What happens when you combine the imaginative world of Finnish folklore with the idea of the apocalypse and the themes of William Golding’s seminal novel “Lord of the Flies”? If you’re a highly imaginative artist and radically innovative ceramist like Kim Simonsson then the answer is “Moss People”, an eerie troupe of moss-green, life-size children whose deceptively innocent demeanour belies upon closer observation a disconcerting sensibility. Crafted in glazed stoneware using a combination of handiwork and industrial fabrication in his studio in Fiskars Village, Finland, Simonsson’s sculptural series stands out both for their formidable verisimilitude and meta-narrative symbolism.
Conceived as the protagonists of a post-apocalyptic world where nature has taken over, Moss People have been making a splash in our own world lately with two solo gallery shows and three major installations this year alone. Early this year, they appeared as giants in a monumental public installation in Lille in the context "UTOPIA", the 6th edition of the French triennial arts and culture fair lille3000; in the late summer, over two dozen Moss Children decamped to Lyon for the 16th Lyon Biennale, which runs until the end of December; and finally, last week they took centre stage at Jason Jacques Gallery’s booth at Design Miami 2022. Ensconced in a large-scale, two-storey installation, courtesy of innovative scaffolding manufacturer Urban Umbrella, the gallery’s presentation brought together recent work with a never-before-seen Moss Giant allowing visitors to step inside Simonsson’s beguiling universe.
Shrouded as much in mystery as in allegory, Moss People, most of whom are children, raise a lot of questions. Where do they come from? Did they initially form a tight-knit group that eventually dissolved due to internal strife or did they grow up alone, each one finding their own way amid a hostile environment? Were they perhaps raised by animals or maybe adults that have since perished? The artist provides no answers; he is more of a documentarian than a historian, chronicling how each one copes in a disaster-stricken world.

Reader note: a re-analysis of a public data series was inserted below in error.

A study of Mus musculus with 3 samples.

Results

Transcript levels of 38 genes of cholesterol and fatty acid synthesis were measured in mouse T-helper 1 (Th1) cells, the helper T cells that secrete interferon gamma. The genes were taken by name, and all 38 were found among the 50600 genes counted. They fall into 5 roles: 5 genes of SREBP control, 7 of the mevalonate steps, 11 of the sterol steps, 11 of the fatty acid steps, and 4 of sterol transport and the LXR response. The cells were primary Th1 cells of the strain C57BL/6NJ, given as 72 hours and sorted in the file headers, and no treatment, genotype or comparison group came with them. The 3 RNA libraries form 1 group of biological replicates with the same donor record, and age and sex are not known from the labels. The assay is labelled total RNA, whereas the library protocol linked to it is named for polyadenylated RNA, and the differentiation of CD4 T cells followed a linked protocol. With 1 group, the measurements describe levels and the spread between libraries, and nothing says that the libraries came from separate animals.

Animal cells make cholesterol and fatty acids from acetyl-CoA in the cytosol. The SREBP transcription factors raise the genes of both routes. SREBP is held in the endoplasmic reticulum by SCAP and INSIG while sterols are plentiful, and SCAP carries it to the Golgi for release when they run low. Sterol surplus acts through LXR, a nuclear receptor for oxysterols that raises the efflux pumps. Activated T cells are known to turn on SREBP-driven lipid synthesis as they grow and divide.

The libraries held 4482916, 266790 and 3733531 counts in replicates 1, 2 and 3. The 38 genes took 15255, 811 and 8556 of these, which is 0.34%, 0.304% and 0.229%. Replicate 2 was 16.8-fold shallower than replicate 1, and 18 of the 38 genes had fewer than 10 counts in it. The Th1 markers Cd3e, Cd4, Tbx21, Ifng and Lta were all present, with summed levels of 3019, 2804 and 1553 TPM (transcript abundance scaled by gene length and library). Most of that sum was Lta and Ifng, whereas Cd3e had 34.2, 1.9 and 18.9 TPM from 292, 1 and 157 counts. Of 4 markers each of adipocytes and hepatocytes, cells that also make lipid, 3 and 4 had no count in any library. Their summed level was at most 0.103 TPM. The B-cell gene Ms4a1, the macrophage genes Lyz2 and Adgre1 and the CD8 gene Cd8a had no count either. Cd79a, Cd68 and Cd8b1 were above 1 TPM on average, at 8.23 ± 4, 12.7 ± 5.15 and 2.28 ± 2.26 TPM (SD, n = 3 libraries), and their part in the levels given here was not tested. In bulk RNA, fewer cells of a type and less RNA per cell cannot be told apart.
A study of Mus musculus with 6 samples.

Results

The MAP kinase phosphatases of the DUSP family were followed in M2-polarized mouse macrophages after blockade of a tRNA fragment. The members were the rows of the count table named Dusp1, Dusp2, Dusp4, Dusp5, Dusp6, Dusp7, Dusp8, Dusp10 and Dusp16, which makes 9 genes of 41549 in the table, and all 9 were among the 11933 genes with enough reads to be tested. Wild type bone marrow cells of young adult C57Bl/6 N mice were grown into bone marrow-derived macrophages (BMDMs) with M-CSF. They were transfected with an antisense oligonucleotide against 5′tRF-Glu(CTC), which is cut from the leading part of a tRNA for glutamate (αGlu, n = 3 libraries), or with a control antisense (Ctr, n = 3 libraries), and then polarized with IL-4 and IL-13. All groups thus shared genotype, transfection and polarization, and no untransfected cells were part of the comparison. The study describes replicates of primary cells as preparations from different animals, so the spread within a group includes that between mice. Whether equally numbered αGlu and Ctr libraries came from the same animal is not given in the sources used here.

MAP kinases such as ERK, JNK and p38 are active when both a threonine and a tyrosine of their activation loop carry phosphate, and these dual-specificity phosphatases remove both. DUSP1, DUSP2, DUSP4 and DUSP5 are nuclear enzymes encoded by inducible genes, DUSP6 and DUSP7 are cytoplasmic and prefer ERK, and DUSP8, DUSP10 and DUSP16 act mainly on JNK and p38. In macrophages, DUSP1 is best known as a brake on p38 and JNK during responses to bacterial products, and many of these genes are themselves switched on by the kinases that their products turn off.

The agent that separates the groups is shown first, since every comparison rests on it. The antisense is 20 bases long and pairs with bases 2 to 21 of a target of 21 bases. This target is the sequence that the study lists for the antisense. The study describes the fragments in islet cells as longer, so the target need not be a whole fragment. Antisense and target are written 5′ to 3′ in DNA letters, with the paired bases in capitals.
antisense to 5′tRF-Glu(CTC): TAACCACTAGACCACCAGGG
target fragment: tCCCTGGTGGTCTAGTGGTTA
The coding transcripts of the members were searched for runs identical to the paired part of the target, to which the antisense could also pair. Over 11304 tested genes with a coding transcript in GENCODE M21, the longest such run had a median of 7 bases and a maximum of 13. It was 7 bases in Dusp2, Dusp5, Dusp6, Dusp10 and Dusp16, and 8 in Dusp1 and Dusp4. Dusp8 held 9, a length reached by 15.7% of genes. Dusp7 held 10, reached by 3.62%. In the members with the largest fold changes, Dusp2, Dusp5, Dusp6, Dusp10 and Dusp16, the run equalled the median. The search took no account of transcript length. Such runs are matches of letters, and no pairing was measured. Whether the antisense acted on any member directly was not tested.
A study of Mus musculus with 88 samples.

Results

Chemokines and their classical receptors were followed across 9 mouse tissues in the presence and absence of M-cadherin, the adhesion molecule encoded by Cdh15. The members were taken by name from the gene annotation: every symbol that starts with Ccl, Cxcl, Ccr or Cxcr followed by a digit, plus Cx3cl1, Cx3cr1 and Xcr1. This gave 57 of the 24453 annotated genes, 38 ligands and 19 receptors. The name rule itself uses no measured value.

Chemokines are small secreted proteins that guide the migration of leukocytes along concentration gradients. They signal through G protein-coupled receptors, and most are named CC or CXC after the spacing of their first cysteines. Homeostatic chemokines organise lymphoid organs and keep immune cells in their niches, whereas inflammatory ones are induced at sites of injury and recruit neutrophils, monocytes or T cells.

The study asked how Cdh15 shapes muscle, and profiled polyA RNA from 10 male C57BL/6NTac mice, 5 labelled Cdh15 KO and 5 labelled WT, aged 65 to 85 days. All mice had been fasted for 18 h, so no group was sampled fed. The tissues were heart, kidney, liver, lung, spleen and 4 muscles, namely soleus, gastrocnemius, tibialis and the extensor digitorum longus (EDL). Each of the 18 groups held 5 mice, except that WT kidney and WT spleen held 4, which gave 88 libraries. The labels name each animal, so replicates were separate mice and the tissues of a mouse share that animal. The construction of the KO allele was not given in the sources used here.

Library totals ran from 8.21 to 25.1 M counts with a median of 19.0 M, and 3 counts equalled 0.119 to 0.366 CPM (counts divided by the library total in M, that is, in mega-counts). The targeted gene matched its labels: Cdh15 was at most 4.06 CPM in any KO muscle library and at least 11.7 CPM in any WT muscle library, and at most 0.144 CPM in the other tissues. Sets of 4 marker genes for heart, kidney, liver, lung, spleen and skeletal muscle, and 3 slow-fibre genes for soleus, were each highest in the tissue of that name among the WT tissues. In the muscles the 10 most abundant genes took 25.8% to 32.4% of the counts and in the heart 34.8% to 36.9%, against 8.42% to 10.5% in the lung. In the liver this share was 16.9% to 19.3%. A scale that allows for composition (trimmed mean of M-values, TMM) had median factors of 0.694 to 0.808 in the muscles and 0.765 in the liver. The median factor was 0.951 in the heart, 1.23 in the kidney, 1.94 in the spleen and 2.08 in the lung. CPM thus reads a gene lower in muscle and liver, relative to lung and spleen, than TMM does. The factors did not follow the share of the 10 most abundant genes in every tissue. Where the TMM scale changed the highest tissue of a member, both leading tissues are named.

Similar in colour and size, Moss Children nevertheless constitute a very diverse group of individuals. From sedentary children like the “Resting Giant Girl” displayed at Design Miami and “The Thinker, to more ‘authoritative’ characters like “The Doctor”, “Kindergarten Teacher”, “Musician”, “Botanist” and “Astronaut in Camouflage”, to the more symbolic figures “Jeanne d’Arc (Joan of Arc)” and “Good Shepherd”, each sculpture hints at a different back story and rite of passage. One thing is for sure, they are all very good at camouflage. “The moss green figures blend perfectly into their natural surroundings”, Simonsson says, “just as a soft carpet of moss covers the ground, rocks and tree trunks and acts as a sort of protection”.
Finnish folklore is full of mythical creatures lurking in the country’s dense forests and myriad of lakes, from benevolent and helpful elves, to human-shy leprechauns and tiny fairies, to fearsome trolls and god-like bears, so it’s no surprise that Simonsson finds inspiration there for his fairy tale creatures. What distinguishes his work though is that it also references pop-culture, science fiction, consumer culture and children’s games. From their poses, to their outfits, to the ‘survival’ tools they carry with them—the latter oftentimes consisting of found objects that the artist seamlessly incorporates into the stonework—Moss Children have their own symbolic visual language that they use to communicate with each other. At the same time, their enigmatic semiology bestows the series with its narrative complexity and elusive meaning.
Combining sculptural ceramics with industrial fabrication methods, Simonsson’s unique technique is as complex as his visual language. Each figure is hand-sculpted in extraordinary detail with stoneware clay, fired to 1,200 degrees Celsius, and then covered in epoxy and flocked with nylon to mesmerizing effect. As much the result of experimentation as luck, the artist stumbled upon the plant-like texture as he was experimenting with various combinations of nylon fibres, while the hyper-saturated green coloration came about when he accidentally combined a neon yellow flock with a black background colour. The result instantly captivated Simonsson as it perfectly complemented the fairy tale creatures he had been creating.
Experienced up close in immersive installations like Jason Jacques Gallery’s booth at Design Miami, or viewed ‘in the wild’, courtesy of photographer Jefunne Gimpel who has evocatively captured them in the Finnish countryside, Moss Children strike a chord. Melancholic yet unyielding, destitute yet resourceful, solitary yet not lonely, they speak to our existential angst, fears of ecological catastrophe, and inner child in equal measure.